Leaders from 30 school districts across Texas recently gathered at Texas Tech University to learn innovative ways to address a shortage of teachers in rural areas.
Texas Tech University has been at the forefront of a new statewide effort to improve the talent pool for rural schools, which often struggle to recruit and retain high-quality teacher educators. This year it became one of 25 institutions in Texas – and one of just three universities – to receive a new, $411,000 state grant from the Texas Education Agency (TEA) specifically created to address the shortage.
Leaders from 30 school districts across the state recently gathered at Texas Tech to learn innovative ways to address teacher shortages at schools in rural areas. The College of Education showcased its accelerated teacher preparation program developed with the TEA funds and sought to share tips with Texas school districts on how they could create similar programs or partner with the university.
Texas Tech hosted Karen DeMoss, director of the Sustainable Funding Project at Bank Street College of Education, who led a session teaching superintendents and representatives from Texas school districts how best to apply for the TEA grants. The agency recently opened a new round of applications for the grant program, which is called “Grow Your Own: Teachers.” The deadline for applying is Nov. 13, 2018.
“We've been approached by numerous rural districts, and we know of the need and the overreliance on lesser-quality certification programs,” said Doug Hamman, department chairman of teacher education. “We saw this event as a way we could provide a service to those districts as well as possibly expand our programs.”
Texas Tech has used its TEA grant to create an accelerated teacher-training program specifically designed to help supply rural school districts with well-trained educators committed to staying in those communities. Called TechTeach Across Rural Texas, the program involves a rigorous, one-year residency for student teachers at a rural school district and requires candidates make a three-year teaching commitment there.
In exchange, college juniors can complete a Bachelor of Science degree and earn teacher certification in just one year. They also receive a $15,000 stipend to support them during the year-long clinical teaching component.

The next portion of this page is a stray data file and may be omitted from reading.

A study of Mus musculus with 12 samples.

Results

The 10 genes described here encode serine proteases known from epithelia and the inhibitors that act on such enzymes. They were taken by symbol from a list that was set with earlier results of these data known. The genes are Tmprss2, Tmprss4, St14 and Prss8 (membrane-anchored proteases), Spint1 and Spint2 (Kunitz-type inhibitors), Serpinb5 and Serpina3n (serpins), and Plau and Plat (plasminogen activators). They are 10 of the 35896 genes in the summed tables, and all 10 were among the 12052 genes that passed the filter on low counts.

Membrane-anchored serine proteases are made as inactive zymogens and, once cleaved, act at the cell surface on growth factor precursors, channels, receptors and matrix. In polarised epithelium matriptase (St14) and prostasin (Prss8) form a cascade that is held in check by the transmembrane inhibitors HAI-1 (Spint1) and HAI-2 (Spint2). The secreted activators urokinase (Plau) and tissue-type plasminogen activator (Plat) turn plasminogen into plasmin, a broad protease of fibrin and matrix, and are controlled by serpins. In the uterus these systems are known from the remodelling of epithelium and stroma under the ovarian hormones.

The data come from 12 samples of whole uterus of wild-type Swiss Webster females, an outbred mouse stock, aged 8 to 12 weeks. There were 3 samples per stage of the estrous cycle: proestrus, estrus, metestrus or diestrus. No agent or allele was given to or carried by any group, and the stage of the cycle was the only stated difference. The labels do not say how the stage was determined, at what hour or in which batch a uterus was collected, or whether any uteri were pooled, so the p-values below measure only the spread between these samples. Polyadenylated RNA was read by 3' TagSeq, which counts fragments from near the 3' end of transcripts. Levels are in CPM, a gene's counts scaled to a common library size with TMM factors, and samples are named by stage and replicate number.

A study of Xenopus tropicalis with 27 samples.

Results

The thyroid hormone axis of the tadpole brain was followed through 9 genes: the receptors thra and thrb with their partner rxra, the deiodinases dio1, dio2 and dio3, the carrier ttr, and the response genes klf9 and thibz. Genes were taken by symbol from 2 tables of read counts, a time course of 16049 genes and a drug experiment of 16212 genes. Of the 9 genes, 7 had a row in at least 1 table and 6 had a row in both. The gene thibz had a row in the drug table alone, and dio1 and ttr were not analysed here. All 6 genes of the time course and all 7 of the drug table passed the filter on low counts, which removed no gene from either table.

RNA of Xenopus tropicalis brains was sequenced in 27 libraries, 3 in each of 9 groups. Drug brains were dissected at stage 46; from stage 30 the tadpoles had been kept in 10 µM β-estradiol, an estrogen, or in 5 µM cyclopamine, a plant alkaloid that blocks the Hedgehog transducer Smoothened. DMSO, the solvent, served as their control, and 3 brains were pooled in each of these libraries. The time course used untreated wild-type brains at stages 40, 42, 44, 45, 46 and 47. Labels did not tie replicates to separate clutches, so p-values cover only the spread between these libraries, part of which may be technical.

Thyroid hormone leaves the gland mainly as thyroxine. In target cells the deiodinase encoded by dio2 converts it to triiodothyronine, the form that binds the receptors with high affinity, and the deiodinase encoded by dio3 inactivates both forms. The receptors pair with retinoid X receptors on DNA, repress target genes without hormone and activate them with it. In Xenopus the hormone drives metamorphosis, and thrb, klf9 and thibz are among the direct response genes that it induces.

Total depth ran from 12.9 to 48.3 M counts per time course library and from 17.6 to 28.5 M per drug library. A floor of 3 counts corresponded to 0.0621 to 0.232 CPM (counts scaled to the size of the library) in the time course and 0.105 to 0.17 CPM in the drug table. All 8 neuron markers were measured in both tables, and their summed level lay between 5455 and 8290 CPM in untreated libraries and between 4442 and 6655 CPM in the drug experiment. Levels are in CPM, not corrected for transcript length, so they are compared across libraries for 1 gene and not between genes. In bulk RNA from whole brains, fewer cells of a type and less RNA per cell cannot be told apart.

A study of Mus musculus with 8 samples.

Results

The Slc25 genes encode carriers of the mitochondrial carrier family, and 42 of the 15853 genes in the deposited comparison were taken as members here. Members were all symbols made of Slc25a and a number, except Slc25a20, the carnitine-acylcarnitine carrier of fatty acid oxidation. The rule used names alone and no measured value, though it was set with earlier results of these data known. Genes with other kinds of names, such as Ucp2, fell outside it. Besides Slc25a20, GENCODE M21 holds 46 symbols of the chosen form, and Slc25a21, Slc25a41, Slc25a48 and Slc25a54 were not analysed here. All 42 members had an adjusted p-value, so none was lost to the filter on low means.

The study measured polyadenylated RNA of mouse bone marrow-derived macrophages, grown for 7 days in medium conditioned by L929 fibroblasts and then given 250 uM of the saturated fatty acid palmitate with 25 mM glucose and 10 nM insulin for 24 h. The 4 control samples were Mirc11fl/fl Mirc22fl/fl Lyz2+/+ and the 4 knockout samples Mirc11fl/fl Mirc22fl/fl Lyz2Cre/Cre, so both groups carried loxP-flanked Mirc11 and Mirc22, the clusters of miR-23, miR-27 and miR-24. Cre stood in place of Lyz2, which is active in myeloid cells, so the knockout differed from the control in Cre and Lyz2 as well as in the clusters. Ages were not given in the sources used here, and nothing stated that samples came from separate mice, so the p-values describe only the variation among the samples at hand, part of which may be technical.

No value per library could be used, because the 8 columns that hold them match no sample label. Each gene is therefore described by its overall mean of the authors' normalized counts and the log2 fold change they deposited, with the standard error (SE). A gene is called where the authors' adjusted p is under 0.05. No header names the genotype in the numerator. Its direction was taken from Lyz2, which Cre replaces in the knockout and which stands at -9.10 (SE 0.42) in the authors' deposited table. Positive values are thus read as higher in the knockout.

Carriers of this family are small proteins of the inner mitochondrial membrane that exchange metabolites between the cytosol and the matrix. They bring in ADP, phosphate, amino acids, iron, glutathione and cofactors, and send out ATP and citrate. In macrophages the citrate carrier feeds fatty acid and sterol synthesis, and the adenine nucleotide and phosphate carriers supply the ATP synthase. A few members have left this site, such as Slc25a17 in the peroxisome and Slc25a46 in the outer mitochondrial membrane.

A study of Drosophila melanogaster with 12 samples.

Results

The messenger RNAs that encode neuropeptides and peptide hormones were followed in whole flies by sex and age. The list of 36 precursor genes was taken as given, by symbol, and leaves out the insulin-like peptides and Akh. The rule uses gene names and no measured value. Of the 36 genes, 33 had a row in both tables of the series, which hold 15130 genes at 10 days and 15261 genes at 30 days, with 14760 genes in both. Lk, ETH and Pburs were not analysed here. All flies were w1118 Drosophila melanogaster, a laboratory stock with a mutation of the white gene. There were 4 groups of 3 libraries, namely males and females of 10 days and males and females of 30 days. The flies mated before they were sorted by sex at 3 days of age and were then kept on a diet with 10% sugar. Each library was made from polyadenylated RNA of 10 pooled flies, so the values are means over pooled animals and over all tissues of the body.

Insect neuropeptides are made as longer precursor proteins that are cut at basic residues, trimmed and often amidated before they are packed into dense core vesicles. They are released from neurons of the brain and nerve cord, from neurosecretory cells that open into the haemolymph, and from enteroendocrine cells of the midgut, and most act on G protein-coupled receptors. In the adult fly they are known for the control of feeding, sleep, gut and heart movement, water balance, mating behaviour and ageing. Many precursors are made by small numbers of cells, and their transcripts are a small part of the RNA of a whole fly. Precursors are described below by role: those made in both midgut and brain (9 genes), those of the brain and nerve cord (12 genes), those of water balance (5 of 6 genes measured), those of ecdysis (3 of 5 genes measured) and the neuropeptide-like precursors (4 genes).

Five school districts have partnered with Texas Tech for the program – Floydada, Crosbyton, Roosevelt, Slaton and Tahoka.
“Rural districts often grapple with the very same teacher staffing issues that large urban districts struggle with, but they often have fewer resources to draw from,” Hamman said. “This program identifies community members who want to be teachers and prepares them in their community specifically for that community. That's a recipe for long-term retention of teacher talent.”
Texas Tech also used the event to highlight some of the success it already has seen with its innovative teacher preparation model.
Crosbyton ISD Superintendent Shawn Mason said the yearlong residency – as opposed to 12-14 weeks of student teaching in traditional teacher preparation programs – makes a clear difference in teaching quality. The district previously had student teachers complete one-year residencies there as part of a broader, fast-track teacher preparation program that Texas Tech launched in 2011.
Mason said the district hired four graduates of that program, and now two TechTeach Across Rural Texas candidates have started one-year residencies on campus. After those two are hired, he said, nearly half of Crosbyton's elementary teachers will be from innovative partnerships with Texas Tech.
“Once they come out of the program, they have a year of teaching under their belt,” Mason said. “They've made their rookie mistakes, but they've made them in a safe environment where they have a mentor to watch over them and guide them.”
A district 35 miles east of Lubbock with about 360 students, Crosbyton has struggled to find long-term replacements after a wave of teacher retirements several years ago, Mason said.
“We were hiring young teachers and they would come to Crosbyton and stay a year or maybe two, then they would go to Lubbock or they would go to the Dallas/Ft. Worth area,” he said. “Constant turnover at our elementary caused our students to suffer, and we had big gaps in education. We had to do something to stop the bleeding.”
The $15,000 stipend helps break down barriers that may discourage prospective teachers.
Taylor McWilliams, a 20-year-old TechTeach Across Rural Texas student-teacher at rural Slaton ISD, said the stipend allowed her to move closer to her school and make the commute more manageable.
“I feel like my time is much better spent without having to drive 45 minutes every day,” said McWilliams, who has experience with small-town schools from growing up in New Deal. “I can spend more time after school getting things ready for our lesson plan because I don't have to worry about making almost an hour drive home to get things done that I need to get done at home.”
Texas Tech Provost Michael Galyean said the university's teacher preparation efforts represent a commitment to the original vision of the State Legislature when it established Texas Tech in 1923 to serve the rural region's needs.
“What's important to us is that we haven't forgotten our original mission and the roots we have in West Texas,” he said.